BEIJING — More than two dozen Chinese parents, shouting phrases including “Justice for the victims,” gathered outside a government building in Beijing on Monday to protest a vaccine scandal that has become one of the most visible public health crises in China in recent years.
The protest followed reports this month that hundreds of thousands of children across China had been injected with faulty vaccines for diphtheria, tetanus and whooping cough.
While the children appear to be unharmed, the episode undermined President Xi Jinping’s vision of a newly resilient China and his vow to eliminate corruption and abuse in the nation’s food and drug industries.
The protesters, standing outside the offices of the National Health Commission, called for stricter oversight of China’s drug industry, according to interviews with parents and images posted on social media. Holding a banner showing photos of children, the demonstrators rejected assurances by Chinese leaders that the issue was under control.
“The problem is not solved,” He Fangmei, the mother of a 2-year-old girl, said in a telephone interview after the protest. “Our concerns have not been addressed.”
The latest crisis is the third involving vaccines in China since 2010. In a bid to restore confidence in China’s vast pharmaceutical industry, Mr. Xi has ordered a nationwide investigation of vaccine producers.
The police on Sunday announced plans to arrest 18 employees of the vaccine producer at the center of the scandal, Changchun Changsheng, in northeastern China, including the company’s chairwoman, Gao Junfang.
The authorities say the company violated standards in producing more than 250,000 doses of the vaccines for diphtheria, whooping cough and tetanus, and tampered with data in producing a rabies vaccine. While the vaccines were not harmful, officials say, they left children at risk of contracting illnesses that they should have been protected against.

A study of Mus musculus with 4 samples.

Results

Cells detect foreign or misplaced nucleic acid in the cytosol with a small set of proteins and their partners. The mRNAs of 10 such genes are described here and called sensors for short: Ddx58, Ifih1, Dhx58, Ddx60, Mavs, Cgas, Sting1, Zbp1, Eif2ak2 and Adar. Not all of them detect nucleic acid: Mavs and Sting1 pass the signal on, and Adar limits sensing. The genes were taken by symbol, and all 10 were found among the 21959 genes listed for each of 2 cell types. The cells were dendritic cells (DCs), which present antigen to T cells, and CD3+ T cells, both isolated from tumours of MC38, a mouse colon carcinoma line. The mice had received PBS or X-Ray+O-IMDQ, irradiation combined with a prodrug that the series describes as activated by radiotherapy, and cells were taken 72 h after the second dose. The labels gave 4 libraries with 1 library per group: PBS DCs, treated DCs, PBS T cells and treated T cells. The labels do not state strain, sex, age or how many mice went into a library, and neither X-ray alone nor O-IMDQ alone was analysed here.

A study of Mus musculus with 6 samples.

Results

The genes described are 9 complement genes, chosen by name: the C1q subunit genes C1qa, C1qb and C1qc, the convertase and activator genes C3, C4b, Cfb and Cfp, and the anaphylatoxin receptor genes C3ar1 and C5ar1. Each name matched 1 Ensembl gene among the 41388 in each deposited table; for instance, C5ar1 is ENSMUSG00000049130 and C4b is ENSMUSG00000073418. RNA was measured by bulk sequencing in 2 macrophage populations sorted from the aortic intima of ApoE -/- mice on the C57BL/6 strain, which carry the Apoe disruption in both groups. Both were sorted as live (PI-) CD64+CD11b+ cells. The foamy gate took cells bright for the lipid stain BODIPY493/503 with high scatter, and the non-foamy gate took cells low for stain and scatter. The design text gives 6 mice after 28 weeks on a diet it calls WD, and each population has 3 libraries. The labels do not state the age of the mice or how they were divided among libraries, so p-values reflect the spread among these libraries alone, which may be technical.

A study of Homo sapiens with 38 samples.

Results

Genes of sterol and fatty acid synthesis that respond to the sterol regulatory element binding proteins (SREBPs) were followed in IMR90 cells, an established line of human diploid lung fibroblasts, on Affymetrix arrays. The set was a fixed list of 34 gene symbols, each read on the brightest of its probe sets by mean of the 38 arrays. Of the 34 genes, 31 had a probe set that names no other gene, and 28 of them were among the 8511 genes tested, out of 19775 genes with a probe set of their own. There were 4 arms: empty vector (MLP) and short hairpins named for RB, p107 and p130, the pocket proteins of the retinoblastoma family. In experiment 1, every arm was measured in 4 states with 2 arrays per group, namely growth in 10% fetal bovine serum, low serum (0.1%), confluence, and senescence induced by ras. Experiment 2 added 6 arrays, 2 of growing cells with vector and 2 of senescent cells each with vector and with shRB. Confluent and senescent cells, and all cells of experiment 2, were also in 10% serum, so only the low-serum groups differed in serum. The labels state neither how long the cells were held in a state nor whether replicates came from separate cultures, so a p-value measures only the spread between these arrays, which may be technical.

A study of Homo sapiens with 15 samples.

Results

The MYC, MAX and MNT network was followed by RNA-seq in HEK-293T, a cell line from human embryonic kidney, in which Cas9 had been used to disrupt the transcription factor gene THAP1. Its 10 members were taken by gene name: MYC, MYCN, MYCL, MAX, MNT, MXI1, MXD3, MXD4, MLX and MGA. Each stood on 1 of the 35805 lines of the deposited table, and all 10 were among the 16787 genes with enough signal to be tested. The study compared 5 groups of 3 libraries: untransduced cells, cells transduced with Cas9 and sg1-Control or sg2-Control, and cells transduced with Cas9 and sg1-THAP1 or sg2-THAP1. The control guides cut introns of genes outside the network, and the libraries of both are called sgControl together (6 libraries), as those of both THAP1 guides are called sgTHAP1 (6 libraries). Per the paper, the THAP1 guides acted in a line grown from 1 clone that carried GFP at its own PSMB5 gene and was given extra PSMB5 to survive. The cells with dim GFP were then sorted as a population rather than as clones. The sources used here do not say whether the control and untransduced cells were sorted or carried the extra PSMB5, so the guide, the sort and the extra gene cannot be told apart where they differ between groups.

Another company involved in the scandal, the state-owned Wuhan Institute of Biological Products in central China, is accused of producing more than 400,000 vaccines that did not meet standards.
While regulators forced the Wuhan Institute of Biological Products to pay a fine, many parents express concern that the authorities have not punished the company more severely because of its government ties.
Public health experts say the problems at the two companies could lead to a broader backlash against vaccines in China, where an aggressive immunization effort in recent decades has helped eliminate polio and drastically reduce the spread of other diseases.
The protests on Monday, coupled with an outpouring of anger on social media in recent days, suggested that many parents were having doubts about allowing their children to be injected with vaccines made in China.
Dr. Gauden Galea, the representative of the World Health Organization in China, said the fact that the faulty vaccines had been discovered by investigators for the China Food and Drug Administration showed that the country’s regulatory system was working. But he said the government, which often favors secrecy in investigations, would need to be transparent to restore faith in immunizations.
“They need to ask and answer more questions than the population is asking in order to earn the trust back,” he said.
The protests on Monday were an unusual challenge to the government, which has deployed censors to limit discussion of the vaccine crisis online.
Mr. Xi, China’s most powerful leader in decades, has sought to justify his top-down rule with promises of higher living standards. But analysts say that incidents like the vaccine uproar could damage his credibility.
Merriden Varrall, an expert on China at the Lowy Institute, a research organization in Australia, said that because many Chinese families have only one child, scandals that involve potential harm to children are considered particularly egregious.
“How is this still happening in a China that people are told is really on track for rejuvenation?” she said. “Scandals like this are simply not going to be accepted as par for the course anymore.”
Follow Javier C. Hernández on Twitter: @HernandezJavier.
Iris Zhao and Elsie Chen contributed research.